A time capsule buried in 1958 at the University of Evansville shows that while some things change as decades roll by, many others do not.
Technology at the time was primitive, sure, and economic scales were quite different. But the time capsule – unearthed from the site of demolished Hughes Residence Hall and revealed to the public on Feb. 17 – proves the UE experience involved more than going to class.
Why 1958? That’s the year Hughes Hall was built as UE’s first residential building.
Students in the 1950s, like those today, enjoyed their friendships, their activities, and rooting for Purple Aces teams.
An Air Force ROTC program was prominent on the UE campus. The time capsule contained a small Air Force model airplane, as well as a pamphlet recruiting students to the military.
With the rank of major, you could earn $16,500 per year, the pamphlet boasted.
The 1957 UE yearbook has a page showing off the then-new Clifford Memorial Library.
An Evansville Press article in the time capsule discusses the years-long trend of students from UE “dragging Main,” with a photo showing the former Strouse’s department store building on Main Street.
The time capsule has some stamps, which cost less than a nickel in the late 1950s; a Sears catalog promoting deals like a new crib for $28; and UE student-recruitment materials noting the $140 cost of a semester meal plan.
Other finds in the time capsule include a Blue Book, where students logged phone numbers and other pertinent information. It’s about the size of a smartphone, fitting comfortably in a pocket.
In 1958, UE was among 13 private colleges in Indiana. There are 29 today. The time capsule contains a progress report from the organization then known as Associated Colleges of Indiana, which today is called Independent Colleges of Indiana.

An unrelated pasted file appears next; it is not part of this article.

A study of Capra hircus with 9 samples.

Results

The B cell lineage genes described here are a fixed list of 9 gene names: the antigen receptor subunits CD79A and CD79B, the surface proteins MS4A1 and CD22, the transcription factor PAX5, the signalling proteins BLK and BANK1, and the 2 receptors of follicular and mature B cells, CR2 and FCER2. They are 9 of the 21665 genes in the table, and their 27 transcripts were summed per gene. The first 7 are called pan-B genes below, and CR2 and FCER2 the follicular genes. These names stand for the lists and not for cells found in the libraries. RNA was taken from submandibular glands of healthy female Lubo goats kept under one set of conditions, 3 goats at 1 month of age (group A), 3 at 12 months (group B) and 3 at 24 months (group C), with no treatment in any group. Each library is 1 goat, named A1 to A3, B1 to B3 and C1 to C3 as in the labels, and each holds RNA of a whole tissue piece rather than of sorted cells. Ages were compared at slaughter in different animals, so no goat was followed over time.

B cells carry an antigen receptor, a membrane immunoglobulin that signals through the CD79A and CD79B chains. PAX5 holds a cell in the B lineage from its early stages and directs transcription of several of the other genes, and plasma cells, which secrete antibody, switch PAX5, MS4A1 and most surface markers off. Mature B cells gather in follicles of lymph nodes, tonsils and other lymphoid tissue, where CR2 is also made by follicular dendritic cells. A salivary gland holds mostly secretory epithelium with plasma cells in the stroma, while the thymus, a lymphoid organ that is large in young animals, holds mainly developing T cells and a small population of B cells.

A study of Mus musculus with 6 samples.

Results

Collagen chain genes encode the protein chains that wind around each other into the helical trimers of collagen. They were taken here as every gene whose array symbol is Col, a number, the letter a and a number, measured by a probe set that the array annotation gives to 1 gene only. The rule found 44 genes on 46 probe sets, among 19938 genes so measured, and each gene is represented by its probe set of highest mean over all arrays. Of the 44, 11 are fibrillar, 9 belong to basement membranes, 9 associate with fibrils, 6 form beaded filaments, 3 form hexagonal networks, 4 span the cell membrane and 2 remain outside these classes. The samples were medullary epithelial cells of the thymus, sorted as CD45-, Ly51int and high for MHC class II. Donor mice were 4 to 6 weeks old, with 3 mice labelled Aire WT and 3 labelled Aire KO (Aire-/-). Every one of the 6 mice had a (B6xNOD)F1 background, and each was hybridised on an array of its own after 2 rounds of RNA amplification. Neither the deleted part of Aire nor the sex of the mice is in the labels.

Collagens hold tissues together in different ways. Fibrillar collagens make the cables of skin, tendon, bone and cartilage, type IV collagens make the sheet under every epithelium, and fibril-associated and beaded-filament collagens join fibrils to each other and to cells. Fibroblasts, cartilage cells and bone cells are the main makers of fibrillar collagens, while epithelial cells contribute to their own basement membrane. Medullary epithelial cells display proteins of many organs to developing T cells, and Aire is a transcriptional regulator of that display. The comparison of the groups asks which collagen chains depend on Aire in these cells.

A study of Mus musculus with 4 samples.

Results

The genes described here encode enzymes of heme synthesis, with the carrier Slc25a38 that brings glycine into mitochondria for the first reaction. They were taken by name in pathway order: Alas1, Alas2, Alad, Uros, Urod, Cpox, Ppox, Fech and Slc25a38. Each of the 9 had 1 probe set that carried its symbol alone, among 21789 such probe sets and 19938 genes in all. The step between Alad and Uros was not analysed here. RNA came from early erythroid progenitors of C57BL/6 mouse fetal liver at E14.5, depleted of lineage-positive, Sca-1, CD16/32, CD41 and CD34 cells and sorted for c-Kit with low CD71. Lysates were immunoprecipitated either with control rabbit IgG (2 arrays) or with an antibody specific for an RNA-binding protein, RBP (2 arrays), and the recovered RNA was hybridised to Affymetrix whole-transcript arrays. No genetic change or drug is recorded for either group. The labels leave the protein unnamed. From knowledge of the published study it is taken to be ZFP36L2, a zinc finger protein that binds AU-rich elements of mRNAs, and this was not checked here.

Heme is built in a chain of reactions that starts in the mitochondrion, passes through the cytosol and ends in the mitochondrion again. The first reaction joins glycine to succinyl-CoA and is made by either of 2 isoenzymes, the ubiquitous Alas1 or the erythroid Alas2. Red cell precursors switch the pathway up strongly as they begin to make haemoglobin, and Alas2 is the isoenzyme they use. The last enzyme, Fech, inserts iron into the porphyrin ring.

Then-UE President Melvin Hyde was on the group’s board in the late 1950s, “and now I serve on that same board,” current President Christopher Pietruszkiewicz says. “Just a few years later.”
UE athletics, as you might expect, is prominently represented in the time capsule.
It has a program from the 1958 NCAA Division II national tournament at Roberts Stadium, where the Purple Aces were semifinalists. (They won the title in 1959 and four more times before moving to Division I in 1977.)
There’s a reel of film of a Butler vs. Evansville basketball game and a program from an Indiana State vs. Evansville football game.
Several items in the time capsule are wrapped in aluminum foil that was rolled at nearby Alcoa.
Hughes Hall, at Walnut and Weinbach avenues, was the fifth building at UE. Upon opening, 126 students lived there. Its construction cost was $455,000.
The building was recently torn down, and UE’s planned wellness and recreation center is under construction at the site.
Contents of the Hughes Hall time capsule show how UE has progressed through the years, Pietruszkiewicz and others said at the recent unveiling.
“It reminds us of who we are and where we came from,” says Shane Ranschaert, Student Government Association president, “and it guides us to where we’re going.”